When Perry Young speaks about the big drum in a drumming group he refers to it as the “people’s drum.”
It is their drum and wherever it gets called, the drum group goes, according to the Stephenville resident.
It is for that reason that Young and others (Troy Benoit, Larry Neville and Mark Day) will be playing the big drum as a part of the opening and closing ceremonies of the 2018 Newfoundland and Labrador Winter Games being held in Deer Lake in March.
For that reason, attending the ceremonies is starting to pique my interest. I’ve never been party to a drum circle before and it’d be interesting to see how it all plays out.
I have been to a couple of opening ceremonies and they’re always a good time, as well as a fine way to promote your areas culture.
The drumming group has played events all over the west coast because they were asked and felt an obligation to bring the instrument made by Benoit out of moose hide and maple wood to the people.
The big drum is a key component of Mi’kmaq culture.
The drum represents a gift to men and is symbolic of the mother’s heartbeat.
It’s traditionally played by only men, but there has been a recent movement to have women around the instrument, as well.
The practice involves at least four people drumming rhythmically while singing a series of culturally significant songs.
The Deer Lake Games are running March 10-17 at various venues across western Newfoundland. While the majority of the Games are being played in Deer Lake, there are a couple of sports that are being played outside of the community.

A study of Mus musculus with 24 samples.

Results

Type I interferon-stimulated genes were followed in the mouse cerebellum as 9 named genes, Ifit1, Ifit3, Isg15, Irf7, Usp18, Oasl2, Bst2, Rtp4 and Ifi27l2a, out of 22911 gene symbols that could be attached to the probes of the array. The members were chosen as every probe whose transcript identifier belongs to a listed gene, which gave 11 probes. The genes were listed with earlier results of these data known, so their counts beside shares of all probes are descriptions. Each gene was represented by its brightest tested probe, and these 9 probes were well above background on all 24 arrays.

Although, these Games have seemingly snuck up on us. There’s been little fanfare outside of an event launch featuring National Hockey League legend Paul Coffey a month and half back.
We’ve seen the medals, the swag and the logos, the usual buzz just hasn’t been there.
With that said, The Games are still a big deal for athletes in this province and the ceremonies at the beginning and the end are usually well attended.
In the past they’ve been broadcast on television across the province, giving plenty of exposure to artists who have performed for athletes and officials.
The plan is for the group of men on the drums to open their performance with the anthem and follow that up with “The Honour Song” and “The Eagle Song.”
Right now there are just four people, but Young said there is an open invitation for youth with aboriginal roots to get on stage with them to help with the performance.
When asked about the exposure playing an event like the Games could give the act of ceremonial drumming, Young saw it as a way to give people some insight into his culture.
“It is acknowledging who we are and being proud of where you’re from,” he said.